Photo contributed

Photo contributed

Members of the Covington service organization Coffeenians Portrait Committee Bobbye Gerling, Sue Holmes, Club president, Laura McMahan, and Sandee Frey show the restored painting.

A Covington ladies club, the Coffeenians, recently presented a framed print of their club’s namesake, Olive Coffeen, to be displayed in the library at Covington High School.

“It took five months to restore the original portrait and the frame. It was completed in July 1997 with the help of fundraising from the Coffeenians and the Covington Community Foundation. At that time, after a dedication, it was hung in the Covington City Library where it remains today,” said club member Sandee Frey.

“Miss Coffeen was not only remembered for her years of service as a teacher, but for her loving devotion to young people and her many humanitarian acts. In her epitaph she was described as a friend to all, regardless of wealth, class, color or creed; she was kind to everyone,” said club member Ann Minnette.

Minnette gave a history of Coffeen.

“Miss Coffeen joined the faculty at Covington High School in 1908, retiring in 1931 at the age of eighty-four. She continued to mentor and tutor students in her home until the age of 94. She began teaching at the age of 15 and her overall teaching career spanned more than 69 years. The publication, Ripley’s Believe It Or Not, claimed that Miss Olive Coffeen had taught the greatest number of years in the public schools in the United States.”

Frey explanded on the group’s namesake. “Olive Coffeen began her teaching career at the age of 15. She had first come to Fountain County from Lebanon, Ohio, by covered wagon as a small child. The family stayed only a few years before returning to Ohio. After having completed both high school and college in Ohio, she sought employment there. Although she had received one of the highest scores in the entire state on the teachers’ exam, few schools were ready to hire her because of her young age. It was then she returned to Fountain County and just four days after passing an oral exam, she began teaching at the Coates School. From 1862-1931, she taught in schools in Indiana, Ohio, Illinois, Kansas and Washington, including stints at Indiana Normal College in Covington and the Normal College in Effingham, Illinois. At 74, she decided to retire but found she needed two more years to qualify for a pension. She returned to Covington High School and 10 years later, she officially retired but continued to mentor students on a private basis until her death on Aug. 17, 1943. She was 95. Olive Coffeen officially taught for over 69 years. Miss Coffeen never married. She had three siblings and a few nieces who looked after her as she aged.”

The portrait came about through one of Miss Coffeen’s former students was a well known artist named Eugene Savage, said Minnette. “The C.H.S. class of 1921 commissioned Mr. Savage to paint a portrait of Miss Coffeen and requested that it be displayed in the high school. The oil painting remained in both the original high school building and the current building until 1997 when it was badly in need of restoration Coffeenians sent the portrait to the Indianapolis Museum of Art for extensive and costly repairs. After the work was completed, the club decided that the painting would be better protected if it was displayed in the Covington Public Library and the original oil painting still hangs there today. In recent months, with the aid of modern technology, the Coffeenians had a print made from a photograph of the original oil. Their decision was to honor the wishes of the Class of ‘21 and return a portrait of Miss Olive Coffeen to Covington High School.”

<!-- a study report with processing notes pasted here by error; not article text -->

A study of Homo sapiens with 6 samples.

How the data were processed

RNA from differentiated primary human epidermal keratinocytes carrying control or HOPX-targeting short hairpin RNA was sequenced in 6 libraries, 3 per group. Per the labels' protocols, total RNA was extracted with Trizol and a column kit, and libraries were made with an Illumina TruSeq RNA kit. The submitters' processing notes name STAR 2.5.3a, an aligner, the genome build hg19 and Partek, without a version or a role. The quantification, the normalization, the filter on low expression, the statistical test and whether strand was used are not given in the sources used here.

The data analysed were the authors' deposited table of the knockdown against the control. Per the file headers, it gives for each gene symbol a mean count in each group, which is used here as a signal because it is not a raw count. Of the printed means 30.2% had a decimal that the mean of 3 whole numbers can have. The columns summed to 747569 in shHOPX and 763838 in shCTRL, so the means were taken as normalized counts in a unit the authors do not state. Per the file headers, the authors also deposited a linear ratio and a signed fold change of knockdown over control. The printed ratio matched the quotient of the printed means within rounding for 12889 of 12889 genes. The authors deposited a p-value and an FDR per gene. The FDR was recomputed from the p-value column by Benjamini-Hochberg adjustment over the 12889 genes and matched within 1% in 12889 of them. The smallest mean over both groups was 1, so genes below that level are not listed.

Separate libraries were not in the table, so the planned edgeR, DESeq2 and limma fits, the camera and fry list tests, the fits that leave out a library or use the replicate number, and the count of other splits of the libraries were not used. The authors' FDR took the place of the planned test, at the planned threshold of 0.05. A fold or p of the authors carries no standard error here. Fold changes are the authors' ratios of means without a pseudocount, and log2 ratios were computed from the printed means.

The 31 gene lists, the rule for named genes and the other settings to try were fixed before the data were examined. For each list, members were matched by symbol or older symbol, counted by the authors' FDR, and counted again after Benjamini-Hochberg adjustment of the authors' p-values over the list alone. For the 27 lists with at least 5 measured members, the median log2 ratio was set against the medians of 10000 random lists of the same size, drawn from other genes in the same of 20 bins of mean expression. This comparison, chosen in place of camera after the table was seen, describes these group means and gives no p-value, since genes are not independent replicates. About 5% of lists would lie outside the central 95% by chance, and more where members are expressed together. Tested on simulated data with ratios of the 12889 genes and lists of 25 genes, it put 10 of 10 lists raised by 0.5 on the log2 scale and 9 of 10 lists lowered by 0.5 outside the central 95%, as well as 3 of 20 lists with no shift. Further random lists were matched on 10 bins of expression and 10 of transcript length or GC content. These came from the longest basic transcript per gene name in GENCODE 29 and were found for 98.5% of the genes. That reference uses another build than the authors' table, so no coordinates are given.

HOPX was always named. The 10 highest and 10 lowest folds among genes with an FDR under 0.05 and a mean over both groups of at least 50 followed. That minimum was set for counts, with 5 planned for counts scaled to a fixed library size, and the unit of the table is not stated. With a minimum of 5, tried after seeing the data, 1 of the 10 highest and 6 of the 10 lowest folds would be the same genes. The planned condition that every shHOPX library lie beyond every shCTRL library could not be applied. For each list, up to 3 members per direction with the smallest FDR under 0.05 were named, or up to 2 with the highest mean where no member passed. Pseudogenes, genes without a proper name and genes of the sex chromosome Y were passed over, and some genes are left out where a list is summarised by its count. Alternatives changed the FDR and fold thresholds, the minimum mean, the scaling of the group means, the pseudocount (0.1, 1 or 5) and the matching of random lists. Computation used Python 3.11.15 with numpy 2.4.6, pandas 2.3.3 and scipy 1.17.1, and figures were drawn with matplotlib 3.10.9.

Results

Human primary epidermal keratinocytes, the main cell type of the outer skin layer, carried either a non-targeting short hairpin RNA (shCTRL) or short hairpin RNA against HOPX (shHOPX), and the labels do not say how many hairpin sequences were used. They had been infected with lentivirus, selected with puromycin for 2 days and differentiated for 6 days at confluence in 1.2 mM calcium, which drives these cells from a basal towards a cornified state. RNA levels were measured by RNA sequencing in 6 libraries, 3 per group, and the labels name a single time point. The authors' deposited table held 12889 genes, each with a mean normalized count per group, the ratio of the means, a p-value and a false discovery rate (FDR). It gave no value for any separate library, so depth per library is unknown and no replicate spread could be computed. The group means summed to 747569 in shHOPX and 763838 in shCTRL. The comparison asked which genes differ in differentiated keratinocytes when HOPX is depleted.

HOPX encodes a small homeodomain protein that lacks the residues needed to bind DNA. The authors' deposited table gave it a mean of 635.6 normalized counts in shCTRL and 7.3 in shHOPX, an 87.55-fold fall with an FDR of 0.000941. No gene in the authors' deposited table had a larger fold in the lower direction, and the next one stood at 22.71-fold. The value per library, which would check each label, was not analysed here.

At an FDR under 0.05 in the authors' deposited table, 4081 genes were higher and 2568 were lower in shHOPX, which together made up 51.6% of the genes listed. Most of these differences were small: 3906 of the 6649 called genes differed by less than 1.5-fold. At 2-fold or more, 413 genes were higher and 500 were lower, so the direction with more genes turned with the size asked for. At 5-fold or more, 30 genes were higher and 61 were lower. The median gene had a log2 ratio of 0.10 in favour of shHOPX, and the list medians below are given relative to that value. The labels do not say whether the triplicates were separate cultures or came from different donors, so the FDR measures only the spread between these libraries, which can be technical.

“Everybody loved Miss Coffeen. The Class of 21 dedicated the portrait to her and wanted it hung in the high school. The original was completed in 1923. Since our group, Coffeenians, is named after her, we felt a certain loyalty to return at least a copy of the original portrait to its original intention,” said Frey.

In 1936 a junior organization was formed as a branch of the Covington Booklovers Club and was first named the Altrusa Society. Twenty-six young women became charter members with the original intention to form a literary club. Many of the new members had attended school when Miss Coffeen was teaching and decided to rename the organization Coffeenians to honor their beloved teacher.Shortly after organization, the club decided to embark on projects to help the community. As the years progressed, the emphasis was put on projects that primarily benefited the youth of the community. One of their first major accomplishments was to organize the first kindergarten in Covington in 1951. They have raised funds to support numerous youth-centered projects through the schools, the library and the city park, said Minnette.

“Coffeenians financially support the city pool. We host bingo four six nights during the Fourth of July Celebration at the city park. We are in charge of the Courthouse lawn beautification in the summertime. We also judge the holiday decorations during the Christmas season in the downtown area. We Christmas shop, wrap and deliver Christmas packages for designated families. We are currently looking at the sidewalk situation from the high school to the sports complex. No safe path leads to and from. We are working with the Covington Community School Corporation and the City of Covington and The Covington Community Foundation Sidewalk Fund to glean the best way to approach this. We work several fundraising events through the year to financially support our projects,” Frey said about the same group the both women enjoy.

“For 83 years the Coffeenians have continued to work for the youth of the community as a lasting tribute to Miss Olive Coffeen,” said Minnette.